I’m happy to report that our Rosen Method community is growing. We have a new Introductory Workshop Teacher, Ann Harnish, who, along with our Intern Priscilla Varland, has recruited enough students to start a new monthly support group.
I’ve learned a lot in the process. We asked the last group of workshop students how Rosen Method had impacted them. After all these years of doing the work, I’m still amazed at the depth of the changes in peoples’ lives. One said she has begun to trust people for the first time in her life and actually wants to seek them out. Another was astonished to discover that when she speaks and shares, she is not interrupting but instead making a contribution.
One person came in to the workshop with arthritic pain. After a hands-on sharing, the pain was no longer there. This just illustrates that much of our physical pain is actually emotional, connected to isolation.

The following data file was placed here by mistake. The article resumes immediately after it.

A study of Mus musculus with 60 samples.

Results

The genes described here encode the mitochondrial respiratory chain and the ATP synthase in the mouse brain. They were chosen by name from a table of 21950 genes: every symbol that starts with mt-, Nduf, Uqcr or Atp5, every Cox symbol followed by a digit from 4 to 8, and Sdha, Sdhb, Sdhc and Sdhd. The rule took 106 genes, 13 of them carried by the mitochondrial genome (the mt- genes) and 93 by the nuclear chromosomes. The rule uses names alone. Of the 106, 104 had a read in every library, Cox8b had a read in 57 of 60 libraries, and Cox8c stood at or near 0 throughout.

A therapist who attended the two-day workshop reported that she was a more effective therapist in the week following.
I see the new group struggling to wrap their minds around how different Rosen Method is from what they are used to. What, we’re not here to “fix” people? What, my presence matters? It’s so hard to let go of trying to make something happen and offering, instead, aware attention that comes through the touch and the words we use in sessions.
The simple explanation is that we are actually interacting with the client’s nervous system. When we can provide the conditions that allow it to return to “rest and restore,” the body knows how to heal itself far better than we know. Moving into faith in this is transformational for anyone in our culture!